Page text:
Jewish leaders have reacted with dismay after Europe’s highest court upheld a Belgian ban on non-stun slaughter, with some calling the ruling “absurd”.
In an ominous warning, shechita (kosher slaughter) defenders in the UK said it would have an impact on British Jews too, even after Britain leaves the EU.
The European Court of Justice (ECJ) decision, announced on Thursday, relates to a ban implemented in the regions of Flanders and Wallonia last year. Belgium’s constitutional court had already sent it to the EU’s top court in Luxembourg.
The ruling allows other EU states to insist that animals are stunned before slaughter, including for halal and kosher meat, even though stunning before slaughtering is forbidden under Jewish and Muslim law.
Jewish leaders said it was “a fundamental attack on the basic rights of Jewish religious expression and practice” and “a disgrace”.
Announcing its verdict, the ECJ said: “In order to promote animal welfare in the context of ritual slaughter, EU Member States may require a reversible stunning procedure which cannot result in the animal’s death.”
Shimon Cohen, campaign director for Shechita UK, described the ECJ ruling as “very significant to the UK Jewish community, even post Brexit”.
He said: “It is the first time a Court of the ECJ’s standing has upheld a ban on religious slaughter and will be taken seriously internationally. We are disappointed with the ruling and will be working to understand the long-term implications.”
European Jewish Congress president Moshe Kantor said: “The right to practice our faith and customs, one which we have been assured over many years was granted under European law, has been severely undermined by this decision.”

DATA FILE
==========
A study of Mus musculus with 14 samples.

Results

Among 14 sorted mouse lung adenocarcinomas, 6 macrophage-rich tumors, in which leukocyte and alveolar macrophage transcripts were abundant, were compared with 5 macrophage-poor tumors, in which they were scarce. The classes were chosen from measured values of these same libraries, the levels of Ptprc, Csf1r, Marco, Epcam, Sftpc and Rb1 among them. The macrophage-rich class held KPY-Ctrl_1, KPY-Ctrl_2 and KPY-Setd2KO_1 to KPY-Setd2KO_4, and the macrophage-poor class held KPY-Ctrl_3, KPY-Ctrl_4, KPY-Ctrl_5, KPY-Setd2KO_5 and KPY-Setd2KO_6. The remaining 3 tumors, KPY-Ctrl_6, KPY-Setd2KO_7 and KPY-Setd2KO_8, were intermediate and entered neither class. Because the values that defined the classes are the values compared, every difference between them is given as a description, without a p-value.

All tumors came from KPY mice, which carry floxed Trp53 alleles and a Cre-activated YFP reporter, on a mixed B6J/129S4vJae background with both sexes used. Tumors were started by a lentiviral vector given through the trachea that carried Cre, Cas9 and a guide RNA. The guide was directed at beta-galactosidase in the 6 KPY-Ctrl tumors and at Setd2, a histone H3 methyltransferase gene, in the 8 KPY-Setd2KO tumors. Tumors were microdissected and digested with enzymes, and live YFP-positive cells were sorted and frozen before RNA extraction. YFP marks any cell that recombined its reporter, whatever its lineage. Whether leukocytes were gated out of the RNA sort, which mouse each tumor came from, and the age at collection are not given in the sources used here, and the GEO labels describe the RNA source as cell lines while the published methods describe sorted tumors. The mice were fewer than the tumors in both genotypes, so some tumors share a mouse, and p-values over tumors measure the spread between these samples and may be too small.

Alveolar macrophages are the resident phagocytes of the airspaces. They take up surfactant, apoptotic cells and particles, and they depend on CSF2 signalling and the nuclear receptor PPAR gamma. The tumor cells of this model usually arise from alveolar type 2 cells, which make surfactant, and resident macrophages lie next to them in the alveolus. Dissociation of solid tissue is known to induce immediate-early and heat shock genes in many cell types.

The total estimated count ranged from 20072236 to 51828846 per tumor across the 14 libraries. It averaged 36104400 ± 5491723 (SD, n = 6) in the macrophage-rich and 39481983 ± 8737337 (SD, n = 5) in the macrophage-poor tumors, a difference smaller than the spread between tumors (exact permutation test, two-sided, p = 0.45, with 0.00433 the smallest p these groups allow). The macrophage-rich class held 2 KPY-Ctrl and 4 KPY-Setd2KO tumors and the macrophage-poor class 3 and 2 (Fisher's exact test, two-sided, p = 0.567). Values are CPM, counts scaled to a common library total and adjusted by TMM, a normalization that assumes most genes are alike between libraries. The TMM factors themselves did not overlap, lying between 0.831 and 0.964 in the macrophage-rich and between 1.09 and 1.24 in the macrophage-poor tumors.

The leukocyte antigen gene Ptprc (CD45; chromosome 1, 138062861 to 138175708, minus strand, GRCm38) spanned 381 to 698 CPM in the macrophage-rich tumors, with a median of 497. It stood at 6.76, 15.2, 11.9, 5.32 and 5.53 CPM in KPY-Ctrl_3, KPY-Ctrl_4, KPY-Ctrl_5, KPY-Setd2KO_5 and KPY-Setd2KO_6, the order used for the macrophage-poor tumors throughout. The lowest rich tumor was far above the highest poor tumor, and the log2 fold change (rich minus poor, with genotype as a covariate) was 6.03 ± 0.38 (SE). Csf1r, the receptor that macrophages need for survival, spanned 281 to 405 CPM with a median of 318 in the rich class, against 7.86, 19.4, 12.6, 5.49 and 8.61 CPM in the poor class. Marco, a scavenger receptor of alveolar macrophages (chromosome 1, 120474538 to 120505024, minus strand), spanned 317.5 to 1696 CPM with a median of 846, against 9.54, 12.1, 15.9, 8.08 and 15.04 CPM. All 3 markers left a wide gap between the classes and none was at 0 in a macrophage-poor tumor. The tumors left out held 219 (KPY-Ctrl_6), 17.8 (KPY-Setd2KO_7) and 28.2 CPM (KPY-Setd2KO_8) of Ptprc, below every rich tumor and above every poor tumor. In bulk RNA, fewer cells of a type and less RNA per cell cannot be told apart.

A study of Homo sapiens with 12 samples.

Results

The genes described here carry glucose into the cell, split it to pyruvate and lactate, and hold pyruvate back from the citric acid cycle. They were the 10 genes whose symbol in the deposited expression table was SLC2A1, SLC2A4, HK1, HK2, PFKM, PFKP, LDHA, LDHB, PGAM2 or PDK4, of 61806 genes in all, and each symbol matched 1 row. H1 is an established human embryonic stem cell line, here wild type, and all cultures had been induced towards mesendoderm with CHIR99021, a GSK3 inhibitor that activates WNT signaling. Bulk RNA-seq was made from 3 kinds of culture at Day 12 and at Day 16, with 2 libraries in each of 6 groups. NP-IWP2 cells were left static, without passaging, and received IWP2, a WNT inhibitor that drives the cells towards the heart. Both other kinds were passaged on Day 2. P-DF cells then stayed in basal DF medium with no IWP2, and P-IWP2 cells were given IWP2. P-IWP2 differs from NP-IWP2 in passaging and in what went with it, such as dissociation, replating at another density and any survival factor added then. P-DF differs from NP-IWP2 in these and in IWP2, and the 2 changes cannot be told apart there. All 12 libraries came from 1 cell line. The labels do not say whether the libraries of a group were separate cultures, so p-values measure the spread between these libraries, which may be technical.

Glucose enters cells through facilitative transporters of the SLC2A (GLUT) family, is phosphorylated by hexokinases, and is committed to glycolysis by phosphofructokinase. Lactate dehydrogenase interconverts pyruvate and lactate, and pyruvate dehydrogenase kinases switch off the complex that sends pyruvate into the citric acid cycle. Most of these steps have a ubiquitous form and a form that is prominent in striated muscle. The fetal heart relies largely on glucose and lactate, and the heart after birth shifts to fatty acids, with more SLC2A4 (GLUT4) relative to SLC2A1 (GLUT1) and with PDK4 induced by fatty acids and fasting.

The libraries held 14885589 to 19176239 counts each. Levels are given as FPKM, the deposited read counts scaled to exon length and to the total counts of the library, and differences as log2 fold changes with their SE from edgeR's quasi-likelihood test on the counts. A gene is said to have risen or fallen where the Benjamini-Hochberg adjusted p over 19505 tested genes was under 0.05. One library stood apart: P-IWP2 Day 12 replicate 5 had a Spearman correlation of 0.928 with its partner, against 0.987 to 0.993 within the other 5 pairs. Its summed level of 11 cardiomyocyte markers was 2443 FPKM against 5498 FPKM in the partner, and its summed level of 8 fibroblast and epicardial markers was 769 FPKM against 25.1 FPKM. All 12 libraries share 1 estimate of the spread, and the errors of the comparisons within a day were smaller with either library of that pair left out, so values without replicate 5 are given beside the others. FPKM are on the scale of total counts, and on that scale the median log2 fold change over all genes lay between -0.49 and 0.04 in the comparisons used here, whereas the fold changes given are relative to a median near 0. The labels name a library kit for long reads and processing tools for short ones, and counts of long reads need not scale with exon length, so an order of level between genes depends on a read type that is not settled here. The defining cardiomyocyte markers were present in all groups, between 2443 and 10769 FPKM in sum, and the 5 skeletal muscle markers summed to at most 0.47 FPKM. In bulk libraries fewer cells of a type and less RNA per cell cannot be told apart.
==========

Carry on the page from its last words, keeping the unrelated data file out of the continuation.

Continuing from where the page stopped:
Representatives from the Coordinating Committee of Jewish Organisations in Belgium (CCOJB) have been working with their Muslim counterparts to overturn the ban since it was announced by Flemish lawmakers in July 2017.
However, Rabbi Pinchas Goldschmidt, president of the Conference of European Rabbis, said its effects “will be felt by Jewish communities across the continent”.
He said: “The bans have already had a devastating impact on the Belgian Jewish community, causing supply shortages during the pandemic, and we are all very aware of the precedent this sets which challenges our rights to practise our religion.”
Flanders and Wallonia are far from the only European regions in which lawmakers have sought to ban a practice most veterinary associations deem cruel, with moves to do likewise in Wales progressed as recently as last year.
In this week’s ruling, the ECJ acknowledged the difficulty of balancing freedom of religion, as guaranteed by Article 10 of the EU’s Charter of Fundamental Rights, and animal welfare, as set out in Article 13 of the TFEU, signed in 1957, and one of two treaties forming the EU’s constitutional basis.
Daniel Schwammenthal of the AJC Transatlantic Institute, based in Brussels, said it “effectively bans ritual and kosher slaughter,” adding: “We are shocked by the decision, which is nothing less than a frontal assault on the basic rights and religious freedoms of Jews and Muslims in Europe.
“Within living memory of the Holocaust, a European court not only bans a core Jewish ritual but potentially Jewish life altogether in Europe.”
Jewish leaders were left surprised by the verdict because in September, Advocate General to the ECJ Gerard Hogan called on it to “respect the deeply held religious beliefs of adherents to the Muslim and Jewish faiths by allowing for the ritual slaughter of animals in this manner”.
Yohan Benizri, president of CCOJB, said the decision to ignore Hogan’s advice was “not only disappointing but undemocratic”, adding: “No democracy can exist when its citizens are denied basic human and civil rights. We plan to pursue every legal recourse to right this wrong.”